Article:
Description of original award (Fiscal Year 2014, $501,047)
As submitted by the proposer:
Accurate and precise age estimates are critical when identifying people represented by skeletal remains. Unfortunately, obtaining such estimates represents one of the greatest challenges that face forensic anthropologists.
This project involves 1) skeletal trait definition and the collection of data on their ages of transition, 2) the refinement of a novel mathematical approach to properly handle the resulting age-related information, and 3) programming to produce a computer program that allows forensic practitioners to take advantage of the new skeletal information and analytical procedures. The resulting procedure will produce unbiased estimates of age throughout the adult lifespan, including the elderly that cannot be aged with standard methods. Individualized estimates are based on the array of morphological characteristics observable in each skeleton.
Because the procedure relies on bony features distributed throughout the body, age estimates will be possible for incomplete skeletons, which is essential in forensic applications. Uncertainty about age estimates is expressed by age interval lengths.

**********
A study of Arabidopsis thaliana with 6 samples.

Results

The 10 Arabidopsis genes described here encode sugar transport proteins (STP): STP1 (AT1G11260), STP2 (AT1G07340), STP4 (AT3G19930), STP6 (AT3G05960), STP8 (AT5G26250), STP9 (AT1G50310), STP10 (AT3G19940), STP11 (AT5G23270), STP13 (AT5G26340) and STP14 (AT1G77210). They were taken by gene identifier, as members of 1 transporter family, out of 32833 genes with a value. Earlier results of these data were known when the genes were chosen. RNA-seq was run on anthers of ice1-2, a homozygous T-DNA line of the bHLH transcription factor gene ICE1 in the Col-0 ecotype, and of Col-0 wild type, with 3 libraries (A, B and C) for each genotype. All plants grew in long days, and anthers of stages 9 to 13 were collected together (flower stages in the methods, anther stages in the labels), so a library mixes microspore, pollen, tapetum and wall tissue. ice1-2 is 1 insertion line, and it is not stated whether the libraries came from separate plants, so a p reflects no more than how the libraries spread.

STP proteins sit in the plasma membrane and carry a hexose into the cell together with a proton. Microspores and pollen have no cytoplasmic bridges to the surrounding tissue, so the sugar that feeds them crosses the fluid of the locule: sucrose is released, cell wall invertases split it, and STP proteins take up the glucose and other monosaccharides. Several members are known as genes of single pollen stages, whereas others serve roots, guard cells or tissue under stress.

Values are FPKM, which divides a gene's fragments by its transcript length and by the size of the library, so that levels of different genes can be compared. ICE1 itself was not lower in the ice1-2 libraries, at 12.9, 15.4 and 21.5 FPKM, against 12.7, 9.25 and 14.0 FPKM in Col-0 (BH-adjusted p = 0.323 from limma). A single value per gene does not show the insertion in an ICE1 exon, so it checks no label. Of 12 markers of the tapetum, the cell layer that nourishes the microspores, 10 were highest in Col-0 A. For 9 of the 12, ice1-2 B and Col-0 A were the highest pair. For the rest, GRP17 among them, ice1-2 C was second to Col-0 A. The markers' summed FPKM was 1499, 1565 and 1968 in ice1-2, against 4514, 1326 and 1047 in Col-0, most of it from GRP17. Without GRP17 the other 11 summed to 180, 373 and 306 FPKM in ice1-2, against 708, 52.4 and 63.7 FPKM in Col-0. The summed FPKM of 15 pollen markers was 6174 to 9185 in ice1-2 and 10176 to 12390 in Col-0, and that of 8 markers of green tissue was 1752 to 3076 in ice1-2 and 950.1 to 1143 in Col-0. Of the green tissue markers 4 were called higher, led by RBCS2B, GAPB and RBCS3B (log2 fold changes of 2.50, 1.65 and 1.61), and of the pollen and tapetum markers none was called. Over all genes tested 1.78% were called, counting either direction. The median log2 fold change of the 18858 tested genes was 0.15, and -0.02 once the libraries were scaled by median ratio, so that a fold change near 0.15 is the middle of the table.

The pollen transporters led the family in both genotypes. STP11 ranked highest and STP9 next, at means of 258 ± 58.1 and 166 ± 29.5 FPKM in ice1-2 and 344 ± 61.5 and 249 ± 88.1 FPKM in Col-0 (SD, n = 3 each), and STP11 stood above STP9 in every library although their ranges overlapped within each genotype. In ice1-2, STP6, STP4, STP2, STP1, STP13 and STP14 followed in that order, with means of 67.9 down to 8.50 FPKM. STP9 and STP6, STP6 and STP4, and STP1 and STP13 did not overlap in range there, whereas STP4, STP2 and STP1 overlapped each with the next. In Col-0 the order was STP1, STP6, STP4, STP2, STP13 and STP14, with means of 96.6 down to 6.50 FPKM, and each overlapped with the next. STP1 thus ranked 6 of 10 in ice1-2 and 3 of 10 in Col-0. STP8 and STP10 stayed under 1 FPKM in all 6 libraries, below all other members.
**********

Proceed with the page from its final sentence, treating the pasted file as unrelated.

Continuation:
The NIJ project covers the collection of data from four known-age skeletal samples, the incorporation of old data recharacterized for this project, assessments of observer error in scoring procedures, and validation studies. Procedure development includes identifying ages of transition from early to late morphological stages for many skeletal features, as well as computer programming to produce a program that will be widely available to the forensic community.
The NIJ project builds on the principal participants' extensive experience in the
osteological, analytical, and computer programming phases of the planned work. In fact, the NIJ project can be viewed as the capstone of many years of research by project participants focusing on age estimation (almost two decades for two team members). In essence, the research team's demonstrated success with experience-based estimates of known-age skeletons from three continents will be distilled into a quantitative procedure that can be accessed through a user friendly computer program. The results should approximate the success of our prior work that has demonstrated the importance of a much broader array of characteristics than osteologists routinely examine. Once the NIJ project is completed, users of the procedure will only have to score anatomical features and enter them into the program to obtain results presented in numerical and graphical form suitable for specialist and non-specialist audiences. Project participants will publish articles and present papers and workshops on the procedure and the interpretation of results.